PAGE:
For the past several years, I have been teaching in a middle school and a high school in Israel. I have observed that in dealing with 7th and 8th graders, the students tend to be very self-absorbed, interested only in what they have to say and not paying attention to the comments of others. In the high school, I see students more respectful of each other, more willing to listen to the opinions of a peer. There I see more students sensitive to the Biblical notion of “loving your neighbor as yourself.” Just as you would want to be heard, so too should you listen to the words of your neighbor and give his comments respect even when you disagree with him.
In Jewish jurisprudence, there is discussion as to what degree we should observe this commandment of loving our neighbor as ourselves. Do we observe it even when, by doing so, we put ourselves and our interests at a disadvantage? Is there some balance between our needs and the needs of others that needs to be struck?
This moral dilemma is portrayed in a scene in Unbroken, the story of Olympic runner Louis Zamperini, an airman who, during World War II, crashed into the Pacific Ocean on a rescue mission to locate a missing aircraft. Of the eight men aboard Louie’s plane, only three survive: Louie, Phil, and Mac. The three are able to inflate a life raft, and so begins their treacherous journey on the open sea.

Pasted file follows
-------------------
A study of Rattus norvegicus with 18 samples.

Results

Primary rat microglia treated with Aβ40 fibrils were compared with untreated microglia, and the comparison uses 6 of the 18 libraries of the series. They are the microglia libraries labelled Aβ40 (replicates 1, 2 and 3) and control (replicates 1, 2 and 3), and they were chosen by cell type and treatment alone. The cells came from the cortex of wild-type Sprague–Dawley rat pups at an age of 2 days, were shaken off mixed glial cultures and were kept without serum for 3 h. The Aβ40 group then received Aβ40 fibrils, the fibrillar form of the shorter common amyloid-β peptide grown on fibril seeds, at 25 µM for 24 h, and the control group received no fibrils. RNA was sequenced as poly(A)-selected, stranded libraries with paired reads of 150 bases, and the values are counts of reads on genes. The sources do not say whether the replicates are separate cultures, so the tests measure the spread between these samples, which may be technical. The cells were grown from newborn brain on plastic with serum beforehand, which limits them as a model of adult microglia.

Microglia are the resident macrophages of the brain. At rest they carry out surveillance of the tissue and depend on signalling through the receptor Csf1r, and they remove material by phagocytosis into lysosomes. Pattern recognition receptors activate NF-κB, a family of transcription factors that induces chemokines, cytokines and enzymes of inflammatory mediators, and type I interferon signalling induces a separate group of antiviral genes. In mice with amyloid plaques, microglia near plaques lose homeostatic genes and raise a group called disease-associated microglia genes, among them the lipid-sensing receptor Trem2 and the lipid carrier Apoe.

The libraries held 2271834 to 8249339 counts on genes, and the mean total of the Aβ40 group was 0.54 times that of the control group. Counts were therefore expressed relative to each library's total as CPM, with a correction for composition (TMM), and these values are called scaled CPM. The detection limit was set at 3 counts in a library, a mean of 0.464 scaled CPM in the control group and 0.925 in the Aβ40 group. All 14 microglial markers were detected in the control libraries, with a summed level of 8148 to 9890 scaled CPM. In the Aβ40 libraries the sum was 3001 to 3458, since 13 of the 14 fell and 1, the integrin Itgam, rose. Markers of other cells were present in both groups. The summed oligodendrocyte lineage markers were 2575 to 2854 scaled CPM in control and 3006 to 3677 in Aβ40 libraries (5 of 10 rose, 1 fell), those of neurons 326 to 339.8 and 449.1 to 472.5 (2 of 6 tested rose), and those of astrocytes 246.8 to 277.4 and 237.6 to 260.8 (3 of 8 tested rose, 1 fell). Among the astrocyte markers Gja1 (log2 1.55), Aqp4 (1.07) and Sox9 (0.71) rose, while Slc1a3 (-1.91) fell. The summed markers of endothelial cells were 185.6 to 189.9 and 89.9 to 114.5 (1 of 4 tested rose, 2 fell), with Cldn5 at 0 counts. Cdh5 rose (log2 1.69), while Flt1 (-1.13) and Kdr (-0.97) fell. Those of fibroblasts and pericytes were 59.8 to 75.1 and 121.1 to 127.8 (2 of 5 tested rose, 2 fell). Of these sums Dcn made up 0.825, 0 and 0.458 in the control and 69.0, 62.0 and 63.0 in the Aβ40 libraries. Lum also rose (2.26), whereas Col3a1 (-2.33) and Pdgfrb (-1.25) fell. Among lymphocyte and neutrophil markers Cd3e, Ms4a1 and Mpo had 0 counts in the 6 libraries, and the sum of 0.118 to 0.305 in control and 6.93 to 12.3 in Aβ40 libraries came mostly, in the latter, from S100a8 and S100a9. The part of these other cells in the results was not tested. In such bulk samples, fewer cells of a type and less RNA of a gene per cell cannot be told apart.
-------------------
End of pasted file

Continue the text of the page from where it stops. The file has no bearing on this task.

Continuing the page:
They have limited food; and Louis, as the take-charge guy, tells his friends that they need to limit their consumption of food so that the meager food they have will enable them to survive until they are rescued. They have only one bar of chocolate and Louie tells them that they can eat one piece in the morning and one in the evening. Mac, however, decides to eat all the chocolate.
The Talmud (Baba Metzia 62a) discusses a similar case of “lifeboat ethics.” Two people are traveling in the desert and there is a jug with only enough water for one of them to survive. There is a difference of opinion as to what course should a person take in such a moral dilemma. One sage, Ben Petura, says that it is better if both of them drink rather than have one witness the death of the other. Rabbi Akiva, however, maintains that your life should come first before the life of your friend. This moral calculus is analyzed in contemporary volumes of Jewish law that deal with the conduct of men in battle who have to make decisions that affect the health and safety of others. Unbroken does not provide simplistic answers; it only raises the question.
Louis Zamperini, a practical man, does not compromise his integrity. He does not blame Mac for taking all of the chocolate for himself. He accepts the reality of Mac’s feelings and actions and then moves on to think of new ways to acquire food in the middle of the ocean. Louie, an optimist, does not lose his focus in the face of a setback. He continues to try his best to keep everyone alive.
When he finally is rescued, only to find himself in a Japanese prisoner of war camp. he again expresses his independent spirit. He is unwilling to bend in the face of physical punishment and extreme torture designed to undermine his humanity.
Louis Zamperini survives incarceration and even forgives his enemies. Years later, we see the real Louis Zamperini as a senior citizen running with the Olympic flag. He counts his blessings and traces his survival and success in life to his faith in God, which sustained him throughout all his trials. When faced with moral conundrums, Louie chooses the high road and becomes a model for us all.